President Trump meets with his Cabinet in March.

President Trump meets with his Cabinet in March. Andrew Harnik/AP

Appointee Watch: Several Steps Forward, One Step Back

After a slow start, key agency positions are being filled.

As President Trump continues to roll out nominations to key administration posts, he received a setback in the form of an appointee’s withdrawal.

Todd Ricketts, who was chosen last November to serve as deputy secretary in the Commerce Department, removed himself from consideration due to difficulty disentangling himself from his business interests, the Chicago Sun Times reported last week.

Ricketts’ divestment struggles stemmed from the fact that many of his holdings are family businesses, most notably the Chicago Cubs and TD Ameritrade.

Despite the withdrawal, the Trump administration has continued its slow pace toward staffing the federal government. On Monday night, the Senate voted 87-11 to confirm former Georgia Gov. Sonny Perdue as secretary of Agriculture.

Over the weekend, White House Chief of Staff Reince Priebus blamed Senate Democrats for the languid pace of nominations in an interview on Meet the Press. According to The Washington Post and the Partnership for Public Service, of 556 key positions requiring Senate confirmation, 63 people have been nominated or are awaiting formal nomination, 23 appointees have been confirmed, and 470 positions remain open.

Appointees named to agency jobs in recent days include:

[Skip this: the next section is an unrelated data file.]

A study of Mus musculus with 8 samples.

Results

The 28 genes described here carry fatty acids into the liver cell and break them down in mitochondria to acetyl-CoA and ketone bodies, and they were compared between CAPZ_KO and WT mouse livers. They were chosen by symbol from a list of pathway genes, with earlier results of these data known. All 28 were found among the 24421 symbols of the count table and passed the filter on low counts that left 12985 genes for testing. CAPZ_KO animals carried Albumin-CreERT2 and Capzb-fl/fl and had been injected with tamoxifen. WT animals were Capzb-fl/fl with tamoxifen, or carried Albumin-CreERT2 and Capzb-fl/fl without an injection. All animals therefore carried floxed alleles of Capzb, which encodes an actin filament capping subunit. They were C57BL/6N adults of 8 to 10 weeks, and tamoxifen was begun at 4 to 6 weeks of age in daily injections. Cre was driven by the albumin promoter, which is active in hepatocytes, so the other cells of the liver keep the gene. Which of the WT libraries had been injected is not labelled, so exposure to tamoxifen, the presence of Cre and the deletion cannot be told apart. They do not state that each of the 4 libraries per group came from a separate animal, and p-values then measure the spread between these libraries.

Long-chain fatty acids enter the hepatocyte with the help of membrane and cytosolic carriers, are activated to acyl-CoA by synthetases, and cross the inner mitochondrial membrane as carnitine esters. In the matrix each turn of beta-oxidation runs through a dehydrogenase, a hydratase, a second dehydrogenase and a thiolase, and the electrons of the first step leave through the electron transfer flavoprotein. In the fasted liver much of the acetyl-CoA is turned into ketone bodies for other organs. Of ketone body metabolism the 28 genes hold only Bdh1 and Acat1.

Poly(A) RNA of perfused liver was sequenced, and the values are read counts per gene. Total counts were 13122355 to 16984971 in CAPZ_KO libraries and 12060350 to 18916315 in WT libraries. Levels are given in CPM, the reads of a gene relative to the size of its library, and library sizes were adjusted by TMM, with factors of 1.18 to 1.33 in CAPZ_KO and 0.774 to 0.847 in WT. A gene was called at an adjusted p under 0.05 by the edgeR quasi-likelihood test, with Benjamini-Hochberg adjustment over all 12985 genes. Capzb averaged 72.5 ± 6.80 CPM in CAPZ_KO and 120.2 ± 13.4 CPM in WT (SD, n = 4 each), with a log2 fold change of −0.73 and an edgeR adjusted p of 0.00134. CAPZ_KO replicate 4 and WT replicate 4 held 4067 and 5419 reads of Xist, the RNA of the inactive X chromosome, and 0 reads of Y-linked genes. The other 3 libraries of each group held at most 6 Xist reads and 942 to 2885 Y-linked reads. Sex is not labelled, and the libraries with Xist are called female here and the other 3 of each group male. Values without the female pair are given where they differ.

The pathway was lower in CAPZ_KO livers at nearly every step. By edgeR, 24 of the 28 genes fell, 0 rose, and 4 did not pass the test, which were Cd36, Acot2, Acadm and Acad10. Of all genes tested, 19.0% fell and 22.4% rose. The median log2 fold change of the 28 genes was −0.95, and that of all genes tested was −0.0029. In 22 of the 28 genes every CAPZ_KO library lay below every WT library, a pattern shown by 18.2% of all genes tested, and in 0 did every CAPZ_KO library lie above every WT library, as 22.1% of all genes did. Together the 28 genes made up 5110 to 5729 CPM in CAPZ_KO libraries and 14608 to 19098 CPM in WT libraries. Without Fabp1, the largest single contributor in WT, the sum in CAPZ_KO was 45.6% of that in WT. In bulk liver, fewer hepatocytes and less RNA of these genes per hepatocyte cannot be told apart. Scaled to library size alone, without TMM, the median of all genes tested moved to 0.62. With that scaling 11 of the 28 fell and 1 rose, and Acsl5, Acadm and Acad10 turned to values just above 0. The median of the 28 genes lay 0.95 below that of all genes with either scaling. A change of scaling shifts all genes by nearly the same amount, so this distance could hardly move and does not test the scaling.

Defense: Kari Bingen, principal deputy undersecretary for intelligence. Bingen is the policy adviser for the House Armed Services Committee, and she has advised Republican House leaders on defense policy and strategic force issues. She previously served as a senior space policy analyst for the Aerospace Corporation.

Defense: Robert Karem, assistant secretary for international security affairs. Karem served on Trump’s transition team as an adviser to CIA Director Mike Pompeo during his confirmation process. He served as a Middle East policy adviser to former Vice President Dick Cheney and advised him on foreign policy at the American Enterprise Institute after he left office.

Education: Holly Luong Ham, assistant secretary for management. Ham is a management consultant at Hewlett-Packard Enterprise, and has served on the board of directors for nonprofit Skills for Living Inc. She has also advised the Board of Financial Mentors of America.

Homeland Security: Randolph "Tex" Alles, director, U.S. Secret Service. Alles is currently acting deputy commissioner of Customs and Border Protection. He has previously led CBP's air and marine operations, and served for 35 years in the Marine Corps, attaining the rank of major general.

State: Scott Brown, ambassador to New Zealand. Brown is an attorney and served as a senator representing Massachusetts from 2010 until 2013. Since leaving office, Brown has been a commentator for Fox News.